PARIS — PARIS is expensive. Good walking shoes are relatively inexpensive. So unless it's pouring, why not walk and let the wonders of the great architectural and cultural heart of France scroll by in slow motion? Money saved can go toward adding an ambrosial extra course to that fixed-price meal or upgrading to a nicer hotel room.
Your interests - art, history, shopping, architecture, fashion, food - will determine your plans. A few hours spent jotting notes from a guidebook (Michelin is sober, precise, and historically detailed; Fodor is more popularized) well in advance of your trip will save many missteps.
Here are a few favorite walking tours, to which you can append your own specialized additions. If it's your first trip to Paris, I'd suggest a pleasant orientation cruise on the Seine before you set out on foot. At a leisurely pace with no traffic worries, you can see and understand the locations of the Hotel de Ville (city hall), Notre Dame, the Louvre, Ecole Nationale des Beaux Arts, Musee d'Orsay, the Tuileries gardens, the National Assembly, Les Invalides, Museum of Modern Art, Eiffel Tower, and, as the touts say, ``muchmuchmore.''
Now you're oriented. If there's no long line snaking around I.M. Pei's glass pyramid entry at the Louvre, you may want to start with a stroll through its endless corridors, which Art Buchwald once lampooned in a column about the record-breaking four-minute Louvre (Mona Lisa, Winged Victory of Samothrace, and Venus de Milo in 3:59). Then stroll through the Tuileries and look at the Orangerie.
A somewhat less-touristy (and definitely longer) walk starts in the Marais (old city) district, wends all the way uphill to Sacre Coeur for a view of the city, and returns downhill to the opera, La Madeleine, Place Vendome, and back to your hotel via lots of fancy shops in the most fashionable area of the city.
This long walk (wear sneakers or walking shoes) also gives you the option to stop at the Picasso Museum or the Centre Pompidou as you leave the Marais. If you're an ambitious walker you could swing over to the Place de la Bastille and the modern opera house on this tour. Or you could incorporate them into a Seine islands circuit.
Another option is to reverse direction to and from Sacre Coeur and plan to have dinner at one of the many small restaurants in and around the Marais. There are lively ghettos of Moroccan, Jewish, Algerian, and Tunisian fare, as well as classic and cuisine minceur French restaurants.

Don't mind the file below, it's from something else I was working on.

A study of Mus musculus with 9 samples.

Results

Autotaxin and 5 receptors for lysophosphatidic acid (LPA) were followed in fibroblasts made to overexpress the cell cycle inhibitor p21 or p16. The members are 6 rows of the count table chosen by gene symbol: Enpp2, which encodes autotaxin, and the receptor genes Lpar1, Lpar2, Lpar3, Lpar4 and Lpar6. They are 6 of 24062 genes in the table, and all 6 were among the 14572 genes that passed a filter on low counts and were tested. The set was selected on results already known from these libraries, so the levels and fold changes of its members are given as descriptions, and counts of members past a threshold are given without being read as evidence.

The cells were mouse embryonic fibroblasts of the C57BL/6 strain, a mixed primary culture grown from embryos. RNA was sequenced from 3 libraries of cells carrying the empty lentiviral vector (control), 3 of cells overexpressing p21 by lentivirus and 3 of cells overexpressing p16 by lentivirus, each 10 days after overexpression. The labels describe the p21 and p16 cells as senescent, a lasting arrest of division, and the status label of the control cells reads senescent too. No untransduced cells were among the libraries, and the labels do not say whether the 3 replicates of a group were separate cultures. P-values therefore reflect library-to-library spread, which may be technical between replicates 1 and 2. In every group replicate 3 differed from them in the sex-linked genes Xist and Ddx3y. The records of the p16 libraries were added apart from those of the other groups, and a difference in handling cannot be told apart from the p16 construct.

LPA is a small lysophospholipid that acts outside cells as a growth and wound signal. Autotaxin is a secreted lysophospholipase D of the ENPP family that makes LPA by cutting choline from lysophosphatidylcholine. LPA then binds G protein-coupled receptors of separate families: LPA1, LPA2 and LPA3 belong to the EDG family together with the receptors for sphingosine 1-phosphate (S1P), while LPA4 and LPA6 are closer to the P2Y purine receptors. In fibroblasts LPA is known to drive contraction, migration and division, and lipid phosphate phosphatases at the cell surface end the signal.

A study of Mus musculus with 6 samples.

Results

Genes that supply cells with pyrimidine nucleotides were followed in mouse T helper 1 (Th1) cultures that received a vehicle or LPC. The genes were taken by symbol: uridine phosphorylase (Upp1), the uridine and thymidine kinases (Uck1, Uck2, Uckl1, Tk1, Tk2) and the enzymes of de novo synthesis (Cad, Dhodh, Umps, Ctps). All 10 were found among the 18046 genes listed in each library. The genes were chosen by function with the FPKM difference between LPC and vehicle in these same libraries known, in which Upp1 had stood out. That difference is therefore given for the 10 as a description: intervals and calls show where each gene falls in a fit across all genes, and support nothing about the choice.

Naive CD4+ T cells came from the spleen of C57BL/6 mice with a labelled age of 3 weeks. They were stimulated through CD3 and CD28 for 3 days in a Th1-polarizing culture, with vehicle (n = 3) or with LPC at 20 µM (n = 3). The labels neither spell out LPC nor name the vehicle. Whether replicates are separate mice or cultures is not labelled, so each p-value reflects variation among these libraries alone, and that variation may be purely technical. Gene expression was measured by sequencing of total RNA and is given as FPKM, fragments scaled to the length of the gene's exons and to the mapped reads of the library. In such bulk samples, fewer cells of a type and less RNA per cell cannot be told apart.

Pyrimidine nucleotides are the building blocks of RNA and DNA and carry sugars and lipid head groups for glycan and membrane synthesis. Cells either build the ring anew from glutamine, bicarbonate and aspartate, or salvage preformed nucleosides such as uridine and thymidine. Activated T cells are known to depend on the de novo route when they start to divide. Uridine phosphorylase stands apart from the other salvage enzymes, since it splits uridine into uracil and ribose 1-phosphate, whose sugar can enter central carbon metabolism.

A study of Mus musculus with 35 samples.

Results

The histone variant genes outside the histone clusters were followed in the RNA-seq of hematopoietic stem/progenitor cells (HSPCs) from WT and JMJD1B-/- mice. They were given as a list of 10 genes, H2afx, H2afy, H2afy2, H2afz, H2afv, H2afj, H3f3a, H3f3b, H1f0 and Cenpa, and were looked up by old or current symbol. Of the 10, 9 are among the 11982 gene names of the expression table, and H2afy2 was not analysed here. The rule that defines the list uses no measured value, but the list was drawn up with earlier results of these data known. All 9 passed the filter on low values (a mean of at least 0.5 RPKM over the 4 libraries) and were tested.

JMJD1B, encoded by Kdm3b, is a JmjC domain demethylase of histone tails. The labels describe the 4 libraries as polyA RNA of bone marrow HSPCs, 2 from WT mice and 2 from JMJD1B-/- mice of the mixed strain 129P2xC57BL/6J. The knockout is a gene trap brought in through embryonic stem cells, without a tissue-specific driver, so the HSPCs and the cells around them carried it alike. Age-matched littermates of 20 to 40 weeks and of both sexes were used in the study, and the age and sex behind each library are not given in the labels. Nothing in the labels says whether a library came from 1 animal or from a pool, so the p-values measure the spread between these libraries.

IF the weather is poor or your feet tire, try a short island tour. Walk along the Seine and cross the bridge to the Ile St.-Louis. Stroll down the middle of the island looking in antique shops. Or have lunch at one of the informal bistros. Or lick an ice cream cone from one of several ice cream (and pungent-flavored fruit ice) shops. One has sidewalk tables looking out toward Notre Dame. From there cross a short bridge to the Ile de la Cite.
You can make the island stroll relatively short and return to your hotel, or extend it into a longer walk through the Left Bank. That might include some aimless wandering through galleries, shops, sidewalk cafes, literary sites, the Pantheon, foreign ministry, and more. You ought to include a visit to the Musee d'Orsay, a brilliant conversion of a defunct railway station into a very accessible and lively museum. The Luxembourg Gardens offer pleasant relief from motor-scooter exhaust and mobs of lens-bedecked tourists.
Although it's also touristy, you ought to wander down the Champs-Elysees to the Arc de Triomphe, perhaps sit at a sidewalk cafe and have a Perrier or (I prefer) Badois eau minerale, and watch the world go by. Next you might go to the Musee d'Art Moderne (which, unlike its New York namesake, tends to be refreshingly underpopulated), and thence down river to the Palais de Chaillot and across the bridge to the Eiffel Tower. (It's up to you and the weather whether you want to ascend and view the city.)
One last word for first-timers: Don't worry! All of the above can be accomplished while having an exuberant good time with no more missteps than you might make in a strange city in your own country.
If you happen to turn right instead of left, enjoy the adventure, find an offbeat bistro, try a French phrase or two on a passerby (in August, you may find she's an equally lost Spaniard or Swede), and re-check your map.